BY NQOBILE BHEBHE

Slightly over 1 500 Zimbabweans out of an estimated three million based in South Africa have reportedly volunteered to be repatriated following the recent xenophobic attacks.

At least 400 Zimbabweans staying in Durban crossed into the country on Monday evening and spent the night at a camp set up in Beitbridge.
More than three million Zimbabweans are believed to be living in the neighbouring country with a majority having left in the past decade to escape a devastating economic crisis and political unrest.

Coltart, who served as Education minister in the inclusive government whose term ended in 2013, yesterday said government’s “grandstanding” was a bid to distract attention from confronting the root of the problem which is Zanu PF’s own economic policies.

“Many Zimbabweans living in South Africa fear coming home —they fear arbitrary arrest. That is why they would rather remain in South Africa, because for all the xenophobic attacks they still feel safer there than in Zimbabwe,” Coltart said.

He added: “In a blaze of publicity, the Zimbabwean government has dispatched six buses and a haulage truck to South Africa to repatriate victims. While this action is welcome, the reality is that this is just a drop in the ocean in terms of what is needed.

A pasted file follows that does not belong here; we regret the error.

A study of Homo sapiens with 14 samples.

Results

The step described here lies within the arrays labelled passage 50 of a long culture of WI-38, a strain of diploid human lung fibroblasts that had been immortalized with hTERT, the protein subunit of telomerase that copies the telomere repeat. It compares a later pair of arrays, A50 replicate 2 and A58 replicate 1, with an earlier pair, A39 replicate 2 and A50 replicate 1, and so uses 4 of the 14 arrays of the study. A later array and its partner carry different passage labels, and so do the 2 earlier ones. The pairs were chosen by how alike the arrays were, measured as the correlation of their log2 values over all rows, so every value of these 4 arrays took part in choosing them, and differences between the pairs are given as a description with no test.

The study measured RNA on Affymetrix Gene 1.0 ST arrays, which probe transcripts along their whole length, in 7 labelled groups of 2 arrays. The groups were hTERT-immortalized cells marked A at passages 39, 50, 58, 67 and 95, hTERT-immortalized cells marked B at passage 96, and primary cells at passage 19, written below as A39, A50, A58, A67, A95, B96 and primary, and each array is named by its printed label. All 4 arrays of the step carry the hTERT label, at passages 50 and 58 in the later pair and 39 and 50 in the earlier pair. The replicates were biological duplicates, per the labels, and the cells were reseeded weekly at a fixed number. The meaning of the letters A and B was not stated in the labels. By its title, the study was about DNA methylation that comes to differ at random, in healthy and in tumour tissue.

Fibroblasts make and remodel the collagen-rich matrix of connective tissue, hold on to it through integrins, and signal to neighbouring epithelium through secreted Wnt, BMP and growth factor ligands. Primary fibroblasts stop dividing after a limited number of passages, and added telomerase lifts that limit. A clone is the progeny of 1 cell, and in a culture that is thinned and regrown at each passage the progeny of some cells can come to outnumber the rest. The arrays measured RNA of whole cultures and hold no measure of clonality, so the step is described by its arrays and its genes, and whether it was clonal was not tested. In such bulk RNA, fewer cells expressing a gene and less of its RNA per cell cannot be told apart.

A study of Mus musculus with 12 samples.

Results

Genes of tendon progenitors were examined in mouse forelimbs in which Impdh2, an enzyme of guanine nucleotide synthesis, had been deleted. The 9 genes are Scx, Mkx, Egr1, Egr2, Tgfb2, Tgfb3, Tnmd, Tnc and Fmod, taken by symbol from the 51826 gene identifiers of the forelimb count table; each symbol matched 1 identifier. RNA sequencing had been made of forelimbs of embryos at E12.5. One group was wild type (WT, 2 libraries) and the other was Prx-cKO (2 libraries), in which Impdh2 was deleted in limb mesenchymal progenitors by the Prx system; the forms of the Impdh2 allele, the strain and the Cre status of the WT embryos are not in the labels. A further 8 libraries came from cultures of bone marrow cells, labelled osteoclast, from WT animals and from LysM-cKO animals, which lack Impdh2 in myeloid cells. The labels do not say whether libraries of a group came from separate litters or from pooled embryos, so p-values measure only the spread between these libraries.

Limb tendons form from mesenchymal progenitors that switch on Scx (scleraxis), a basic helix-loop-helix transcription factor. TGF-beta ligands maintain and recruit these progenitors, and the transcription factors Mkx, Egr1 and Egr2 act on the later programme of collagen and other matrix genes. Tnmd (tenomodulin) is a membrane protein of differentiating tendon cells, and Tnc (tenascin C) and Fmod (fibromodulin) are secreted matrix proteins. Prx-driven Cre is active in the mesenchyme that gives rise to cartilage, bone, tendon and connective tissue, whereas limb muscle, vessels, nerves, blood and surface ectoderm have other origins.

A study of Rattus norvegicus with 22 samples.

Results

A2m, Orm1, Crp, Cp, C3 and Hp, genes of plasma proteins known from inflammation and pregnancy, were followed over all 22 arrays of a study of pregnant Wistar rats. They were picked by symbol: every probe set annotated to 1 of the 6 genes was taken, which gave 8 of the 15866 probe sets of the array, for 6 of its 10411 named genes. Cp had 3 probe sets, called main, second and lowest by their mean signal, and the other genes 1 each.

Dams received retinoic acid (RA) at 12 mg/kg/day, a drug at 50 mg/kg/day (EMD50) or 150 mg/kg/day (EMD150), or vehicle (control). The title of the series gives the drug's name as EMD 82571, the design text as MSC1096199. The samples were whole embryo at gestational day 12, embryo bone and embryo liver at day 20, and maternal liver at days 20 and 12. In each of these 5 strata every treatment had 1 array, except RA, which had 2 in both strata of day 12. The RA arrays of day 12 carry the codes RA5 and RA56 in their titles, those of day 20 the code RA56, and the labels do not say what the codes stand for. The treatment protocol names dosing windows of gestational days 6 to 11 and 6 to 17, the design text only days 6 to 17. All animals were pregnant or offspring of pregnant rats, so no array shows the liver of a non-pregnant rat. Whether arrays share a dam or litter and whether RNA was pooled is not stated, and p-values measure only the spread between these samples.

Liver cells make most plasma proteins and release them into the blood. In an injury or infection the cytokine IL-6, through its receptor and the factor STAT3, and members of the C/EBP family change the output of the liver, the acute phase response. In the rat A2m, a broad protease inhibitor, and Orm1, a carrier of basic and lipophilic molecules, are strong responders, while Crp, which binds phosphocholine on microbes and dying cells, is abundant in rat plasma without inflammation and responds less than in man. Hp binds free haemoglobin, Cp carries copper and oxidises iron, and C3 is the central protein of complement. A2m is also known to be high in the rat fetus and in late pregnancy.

“There are literally millions of Zimbabweans in South Africa and repatriating 400 of them provides no long-term solution.

“In fact, if anything the danger of grandstanding is that it distracts everyone from confronting the root of the problem — which is
Zanu PF’s own economic policies and its negative attitude towards democracy in Zimbabwe.”

Coltart said most Zimbabweans would never have gone to South Africa if it was not for “Zanu PF’s violent and chaotic rule”.

“It follows that the only long-term solution, as far as Zimbabweans living in South Africa are concerned, is for the Zimbabwe government to get its act together to create an environment within Zimbabwe conducive for Zimbabweans to return home.”